The man who helps to get those tricky visa applications right first time

After studying history at university, Graeme Ross worked for the Home Office as an asylum seeker caseworker. Today he leads Cambridge’s Immigration and Compliance Team. One of its key roles is to offer advice to people requiring visas to take up job offers from Cambridge.

Graeme Ross at Greenwich House (Nick Saffell)

It sounds corny but the best part of my job is helping people. My team offers expert immigration advice to some of the brightest people in the world. Among them are people Cambridge needs in order to stay ahead in teaching and research.

One of the strengths of Cambridge is its global scope. Research depends on having the right skills. It doesn’t matter whether the person who has that expertise comes from Birmingham or Bogota. Often there’s only a handful of people in the world who have the particular specialist skills needed.

I head the University’s Immigration and Compliance Team. We make sure that the University complies fully with the UK’s immigration rules in its employment of staff from overseas. One of our roles is offering advice on visa applications for current or prospective staff. We’ve never lost a case.

Cambridge has about 3,700 staff from overseas. About 2,000 come from the EU and EEA (European Economic Area). The remainder come from elsewhere in the world and need visas to work or visit here. Visas come in various shapes and forms — and entail lots of bureaucracy.

The UK has one of the most stringent immigration systems in the world. And the rules have got much tighter. More immigration laws have been passed in the last ten years than were passed in the previous 30 years. Keeping on top of the changes is challenging but rewarding.

Visa applications have to be right first time. We’re able to offer guidance on all the stages and documentation required, advising both the applicant and their dependants, if needed. Applying for a visa, alongside all the other things people have to do when moving countries, can be very stressful. We aim to make it less so.

I’m full of admiration for university staff who come here from overseas. They’ve moved to a different country, often with young families, to further their careers. Their commitment is inspiring. I often think “Could I do this?” I’m not sure I could, which makes their dedication all the more impressive.

I was brought up in Aberdeen and didn’t leave Scotland properly until I was 25. At school I loved history and I did a history degree at Stirling University. I went on to take a master’s degree at Aberdeen University, mainly to postpone going out into the real world.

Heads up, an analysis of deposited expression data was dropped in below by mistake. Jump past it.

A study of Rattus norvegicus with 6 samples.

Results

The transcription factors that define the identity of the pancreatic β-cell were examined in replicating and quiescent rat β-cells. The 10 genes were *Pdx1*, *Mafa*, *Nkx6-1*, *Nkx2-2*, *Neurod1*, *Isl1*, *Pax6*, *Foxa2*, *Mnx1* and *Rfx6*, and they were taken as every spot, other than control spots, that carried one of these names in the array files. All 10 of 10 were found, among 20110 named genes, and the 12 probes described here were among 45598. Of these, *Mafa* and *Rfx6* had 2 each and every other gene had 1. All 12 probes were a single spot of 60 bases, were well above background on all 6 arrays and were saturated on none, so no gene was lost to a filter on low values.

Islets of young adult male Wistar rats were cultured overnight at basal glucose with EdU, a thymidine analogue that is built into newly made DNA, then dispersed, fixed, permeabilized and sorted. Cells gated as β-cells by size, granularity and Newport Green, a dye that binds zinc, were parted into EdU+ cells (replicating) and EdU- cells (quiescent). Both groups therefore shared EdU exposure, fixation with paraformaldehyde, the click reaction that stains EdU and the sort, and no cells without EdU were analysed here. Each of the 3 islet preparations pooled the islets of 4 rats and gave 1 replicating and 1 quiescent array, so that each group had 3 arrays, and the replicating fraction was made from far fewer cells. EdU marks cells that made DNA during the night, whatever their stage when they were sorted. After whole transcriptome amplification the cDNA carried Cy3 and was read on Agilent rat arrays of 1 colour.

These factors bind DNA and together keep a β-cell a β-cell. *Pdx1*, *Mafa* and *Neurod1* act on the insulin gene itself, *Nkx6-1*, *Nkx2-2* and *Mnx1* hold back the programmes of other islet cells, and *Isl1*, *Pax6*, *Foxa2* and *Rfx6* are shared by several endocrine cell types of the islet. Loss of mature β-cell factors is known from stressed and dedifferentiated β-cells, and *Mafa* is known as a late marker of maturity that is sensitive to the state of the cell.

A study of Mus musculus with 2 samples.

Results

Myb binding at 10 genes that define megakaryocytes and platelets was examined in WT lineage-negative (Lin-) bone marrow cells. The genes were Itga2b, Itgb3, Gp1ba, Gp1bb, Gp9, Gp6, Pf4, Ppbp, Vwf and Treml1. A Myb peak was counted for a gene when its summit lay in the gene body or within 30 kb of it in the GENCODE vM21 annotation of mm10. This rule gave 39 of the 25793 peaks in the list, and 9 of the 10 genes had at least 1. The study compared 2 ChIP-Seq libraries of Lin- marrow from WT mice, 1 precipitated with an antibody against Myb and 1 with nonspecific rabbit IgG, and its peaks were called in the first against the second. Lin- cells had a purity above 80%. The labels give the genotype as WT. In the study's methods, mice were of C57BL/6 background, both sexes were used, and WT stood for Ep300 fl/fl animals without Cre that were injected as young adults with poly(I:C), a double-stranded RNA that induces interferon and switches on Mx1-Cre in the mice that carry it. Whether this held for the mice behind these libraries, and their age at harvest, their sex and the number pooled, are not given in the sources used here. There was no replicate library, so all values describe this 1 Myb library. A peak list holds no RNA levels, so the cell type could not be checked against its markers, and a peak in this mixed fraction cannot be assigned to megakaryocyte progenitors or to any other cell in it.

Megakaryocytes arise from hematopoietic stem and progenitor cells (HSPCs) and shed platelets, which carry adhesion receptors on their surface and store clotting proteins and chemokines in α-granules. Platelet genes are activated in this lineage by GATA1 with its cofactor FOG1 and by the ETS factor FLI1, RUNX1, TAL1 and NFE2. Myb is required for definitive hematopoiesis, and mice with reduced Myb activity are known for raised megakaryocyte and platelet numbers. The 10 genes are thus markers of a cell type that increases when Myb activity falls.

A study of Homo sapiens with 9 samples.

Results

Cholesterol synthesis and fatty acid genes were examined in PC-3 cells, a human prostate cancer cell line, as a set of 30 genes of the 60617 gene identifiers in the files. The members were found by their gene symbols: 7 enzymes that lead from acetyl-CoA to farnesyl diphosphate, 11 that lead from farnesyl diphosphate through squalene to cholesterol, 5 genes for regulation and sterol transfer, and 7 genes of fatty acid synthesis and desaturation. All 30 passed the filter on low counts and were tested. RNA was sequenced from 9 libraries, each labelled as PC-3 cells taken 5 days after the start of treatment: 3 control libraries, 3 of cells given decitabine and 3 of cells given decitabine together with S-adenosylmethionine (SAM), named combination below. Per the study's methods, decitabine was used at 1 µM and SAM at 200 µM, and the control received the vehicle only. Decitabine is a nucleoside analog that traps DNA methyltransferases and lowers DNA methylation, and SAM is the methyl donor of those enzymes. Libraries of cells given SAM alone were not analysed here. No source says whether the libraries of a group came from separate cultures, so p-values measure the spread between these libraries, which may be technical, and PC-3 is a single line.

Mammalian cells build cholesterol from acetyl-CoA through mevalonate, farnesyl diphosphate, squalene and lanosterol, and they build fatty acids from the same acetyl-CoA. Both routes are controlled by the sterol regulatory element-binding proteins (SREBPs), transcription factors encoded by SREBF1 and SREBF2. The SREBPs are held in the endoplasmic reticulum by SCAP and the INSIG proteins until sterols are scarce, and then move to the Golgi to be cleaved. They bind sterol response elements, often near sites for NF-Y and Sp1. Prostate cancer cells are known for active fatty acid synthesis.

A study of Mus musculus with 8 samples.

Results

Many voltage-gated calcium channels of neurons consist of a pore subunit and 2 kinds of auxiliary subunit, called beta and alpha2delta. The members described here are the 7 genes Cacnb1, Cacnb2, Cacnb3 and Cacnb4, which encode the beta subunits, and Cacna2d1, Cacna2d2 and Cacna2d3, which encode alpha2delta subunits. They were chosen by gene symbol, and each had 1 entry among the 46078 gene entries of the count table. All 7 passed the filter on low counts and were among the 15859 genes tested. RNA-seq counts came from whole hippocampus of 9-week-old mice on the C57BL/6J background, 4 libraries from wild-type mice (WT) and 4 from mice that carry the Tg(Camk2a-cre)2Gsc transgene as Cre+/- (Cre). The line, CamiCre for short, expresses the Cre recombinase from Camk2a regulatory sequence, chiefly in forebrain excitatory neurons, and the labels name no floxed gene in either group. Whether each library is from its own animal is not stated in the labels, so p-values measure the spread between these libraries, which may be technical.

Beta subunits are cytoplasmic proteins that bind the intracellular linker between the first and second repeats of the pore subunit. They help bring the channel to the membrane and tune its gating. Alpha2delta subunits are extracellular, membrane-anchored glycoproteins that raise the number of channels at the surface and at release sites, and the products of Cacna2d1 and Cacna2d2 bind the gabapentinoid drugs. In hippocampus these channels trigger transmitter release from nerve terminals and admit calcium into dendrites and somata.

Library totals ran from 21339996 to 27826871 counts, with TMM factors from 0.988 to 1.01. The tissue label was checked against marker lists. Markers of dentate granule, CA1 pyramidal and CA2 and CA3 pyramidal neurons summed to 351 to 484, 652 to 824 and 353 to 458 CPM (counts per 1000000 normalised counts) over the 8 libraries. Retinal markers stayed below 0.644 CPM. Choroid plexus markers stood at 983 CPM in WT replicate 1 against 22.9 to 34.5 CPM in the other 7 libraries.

Human migration and diasporas have always interested me. At university, I studied the histories of lots of different countries, but my interest was chiefly in Scottish and American history.

I was fascinated by the factors that drove people to leave their countries, and what their experiences might have been like. We’re all migrants and the identities we create aren’t fixed. We need a greater realisation of this fluidity.

A career in immigration was never my goal. As my mum always said, you never know where life will take you. It was providence perhaps that after graduating I got a job as an asylum caseworker at a detention centre near Cambridge.

I was totally naïve. Caseworkers received six weeks’ training from the Home Office. After that, it was our task to interview asylum seekers who’d been picked up at airports, docks or found in the back of a lorry. Interviewing in that environment was an intense experience.

Refugees’ stories were often compelling. The people we interviewed came from all over the world. Many had terrible tales to tell — sometimes verified, sometimes not. We had to match their accounts against the criteria set out in the 1951 Refugee Convention.

The job was fascinating and I did it for ten years. But once I had my own children, I found it increasingly hard to be involved with cases where parents were simply seeking a better life for their families. I began to empathise with them more and more — what parent doesn’t want their child to have a bright future?

When I applied for an immigration advisor role at Cambridge, I didn’t think I had a chance. I was thrilled to be offered the job and be given an opportunity to do something that’s so positive. Four and a half years later, I’m still amazed to be working for one of the world’s top universities.

I absolutely love my job — no two days are the same. I have a team of four working with me. They’re fantastic and I’m incredibly proud of the work they do. If there are difficult or sensitive circumstances affecting a visa application, we never give up until we get a positive result.

Brexit has led to a lot of anxiety among our EU and EEA staff. Following the referendum result, the University organised immigration advice sessions for them. To date, we’ve helped over 600 EEA staff members to apply for permanent residency — so far with 100% success.

It’s my own view that Brexit is destructive. It’s an unnecessary diversion from the real challenges that face the world, though I appreciate that people have strong views on both sides. While the uncertainty of Brexit continues, my team and I will always be on hand to support staff members who need immigration advice.

This profile is part of our This Cambridge Life series.